New voting machines on Polk’s horizon
Published 8:00 am Thursday, December 20, 2018
Election director gives update on 2018 election, new voting laws
COLUMBUS — Polk County will be looking at purchasing new voting machines next year, as North Carolina is requiring paper systems by the 2020 election.
The Polk County Board of Commissioners met Monday and heard from Election Director Cliff Marr regarding new state laws.
Marr said there were a lot of changes in 2018, including that county boards of elections went from three to four members and the state board of election increased from five to nine members.
Currently, the county boards have two members per party, or two Democrats and two Republicans.
Marr also spoke of the record turnout the 2018 election brought in Polk County. There were 5,529 people who voted early, which was a record number for Polk’s one early voting site.
The total election saw a 57.73 percent turnout, which was also a record for a midterm election.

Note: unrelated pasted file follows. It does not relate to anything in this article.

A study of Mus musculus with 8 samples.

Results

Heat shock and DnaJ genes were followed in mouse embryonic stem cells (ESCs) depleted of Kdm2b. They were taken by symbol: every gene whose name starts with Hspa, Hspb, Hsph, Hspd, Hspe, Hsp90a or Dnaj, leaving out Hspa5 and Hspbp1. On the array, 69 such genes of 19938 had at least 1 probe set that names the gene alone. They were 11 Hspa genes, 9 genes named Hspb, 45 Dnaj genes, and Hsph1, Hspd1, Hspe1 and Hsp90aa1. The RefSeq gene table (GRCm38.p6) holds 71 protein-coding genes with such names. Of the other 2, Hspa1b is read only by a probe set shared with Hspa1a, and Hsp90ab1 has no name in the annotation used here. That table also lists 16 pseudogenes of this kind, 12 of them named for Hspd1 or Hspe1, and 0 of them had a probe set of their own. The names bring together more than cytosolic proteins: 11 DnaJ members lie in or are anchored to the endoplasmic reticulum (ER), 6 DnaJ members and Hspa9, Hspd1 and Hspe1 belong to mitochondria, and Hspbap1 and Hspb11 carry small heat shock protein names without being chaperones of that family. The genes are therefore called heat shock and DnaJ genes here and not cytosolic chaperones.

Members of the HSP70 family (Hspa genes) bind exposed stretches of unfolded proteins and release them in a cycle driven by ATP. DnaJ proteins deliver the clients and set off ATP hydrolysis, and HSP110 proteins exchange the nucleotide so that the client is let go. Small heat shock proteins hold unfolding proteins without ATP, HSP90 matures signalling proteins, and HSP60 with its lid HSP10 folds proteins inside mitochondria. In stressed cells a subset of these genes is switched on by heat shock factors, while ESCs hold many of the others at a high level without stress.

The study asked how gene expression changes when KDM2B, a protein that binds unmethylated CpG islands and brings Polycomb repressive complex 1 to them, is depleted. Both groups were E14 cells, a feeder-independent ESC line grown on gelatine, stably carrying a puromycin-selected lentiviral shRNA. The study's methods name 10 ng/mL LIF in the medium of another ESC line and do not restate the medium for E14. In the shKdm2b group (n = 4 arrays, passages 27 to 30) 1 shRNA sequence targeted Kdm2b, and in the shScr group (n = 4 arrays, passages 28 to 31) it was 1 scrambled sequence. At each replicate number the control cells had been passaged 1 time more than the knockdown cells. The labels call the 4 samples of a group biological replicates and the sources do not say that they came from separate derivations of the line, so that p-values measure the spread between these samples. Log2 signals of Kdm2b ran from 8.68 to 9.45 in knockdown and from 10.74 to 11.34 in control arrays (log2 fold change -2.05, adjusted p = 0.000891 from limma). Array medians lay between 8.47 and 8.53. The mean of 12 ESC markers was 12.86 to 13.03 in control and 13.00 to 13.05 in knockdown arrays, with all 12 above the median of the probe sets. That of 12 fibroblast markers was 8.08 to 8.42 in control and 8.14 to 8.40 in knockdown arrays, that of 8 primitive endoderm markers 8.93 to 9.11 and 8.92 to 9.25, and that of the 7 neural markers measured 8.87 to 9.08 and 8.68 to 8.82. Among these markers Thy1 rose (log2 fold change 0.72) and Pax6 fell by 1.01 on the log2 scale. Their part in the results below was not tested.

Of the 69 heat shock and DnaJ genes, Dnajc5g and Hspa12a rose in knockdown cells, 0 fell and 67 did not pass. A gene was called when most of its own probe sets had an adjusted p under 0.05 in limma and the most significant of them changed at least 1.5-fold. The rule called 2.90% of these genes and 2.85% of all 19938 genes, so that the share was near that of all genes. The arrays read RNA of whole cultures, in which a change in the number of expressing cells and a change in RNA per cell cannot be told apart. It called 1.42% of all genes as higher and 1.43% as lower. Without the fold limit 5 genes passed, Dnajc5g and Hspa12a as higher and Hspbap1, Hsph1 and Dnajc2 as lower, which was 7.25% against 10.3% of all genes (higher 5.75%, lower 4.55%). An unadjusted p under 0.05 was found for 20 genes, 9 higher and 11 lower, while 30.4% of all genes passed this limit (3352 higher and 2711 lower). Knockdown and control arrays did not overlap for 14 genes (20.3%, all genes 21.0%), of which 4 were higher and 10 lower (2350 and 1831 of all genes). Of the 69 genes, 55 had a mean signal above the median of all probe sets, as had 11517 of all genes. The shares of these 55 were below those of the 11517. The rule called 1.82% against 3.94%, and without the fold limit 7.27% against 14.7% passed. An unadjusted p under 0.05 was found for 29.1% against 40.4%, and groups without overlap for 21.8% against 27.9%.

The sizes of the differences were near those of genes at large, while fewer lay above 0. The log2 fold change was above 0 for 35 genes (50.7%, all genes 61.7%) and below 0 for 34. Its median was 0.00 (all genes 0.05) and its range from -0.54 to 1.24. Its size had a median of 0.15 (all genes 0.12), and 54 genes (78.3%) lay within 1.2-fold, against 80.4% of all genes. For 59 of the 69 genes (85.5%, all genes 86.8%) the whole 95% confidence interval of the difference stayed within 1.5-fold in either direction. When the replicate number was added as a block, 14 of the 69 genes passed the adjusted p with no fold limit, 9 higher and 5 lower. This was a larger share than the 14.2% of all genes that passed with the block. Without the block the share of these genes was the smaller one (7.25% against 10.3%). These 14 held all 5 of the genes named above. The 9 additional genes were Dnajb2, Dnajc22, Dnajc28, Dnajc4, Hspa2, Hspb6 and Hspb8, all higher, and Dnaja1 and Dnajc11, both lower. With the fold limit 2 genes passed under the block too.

Marr said an election takes many partnerships and departments working together.
“The team in Polk County is very strong,” he said.
He thanked the county manager’s office and other departments for their help and said, because the county is small, it can offer personal service to residents.
“I’m very proud of the work our staff does to make sure their vote counts,” Marr said.
On new voting machines, state law from 2015 required paper systems by 2019. Marr said that date was delayed until 2020, but he wants to run the municipal election of 2019 on the new machines prior to the 2020 presidential election.
The next step is actually purchasing the new machines, which Marr suggested be done at the beginning of next fiscal year, which begins July 1, 2019.
Marr also said the county will not need as many new machines, which should offset some of the costs. The machines cost roughly $3,000 each, and Marr said he plans to purchase 15.
Other law changes include the requirement of photo identification to vote, which North Carolina voters approved via ballot initiative in November.
Marr said it looks like the board of elections is going to be producing physical cards, with the law stating that will occur by May of next year. Marr said the governor has vetoed that bill, but he expects that to get overridden.
There could be some costs to the implementation, but he is unsure at this point, Marr said.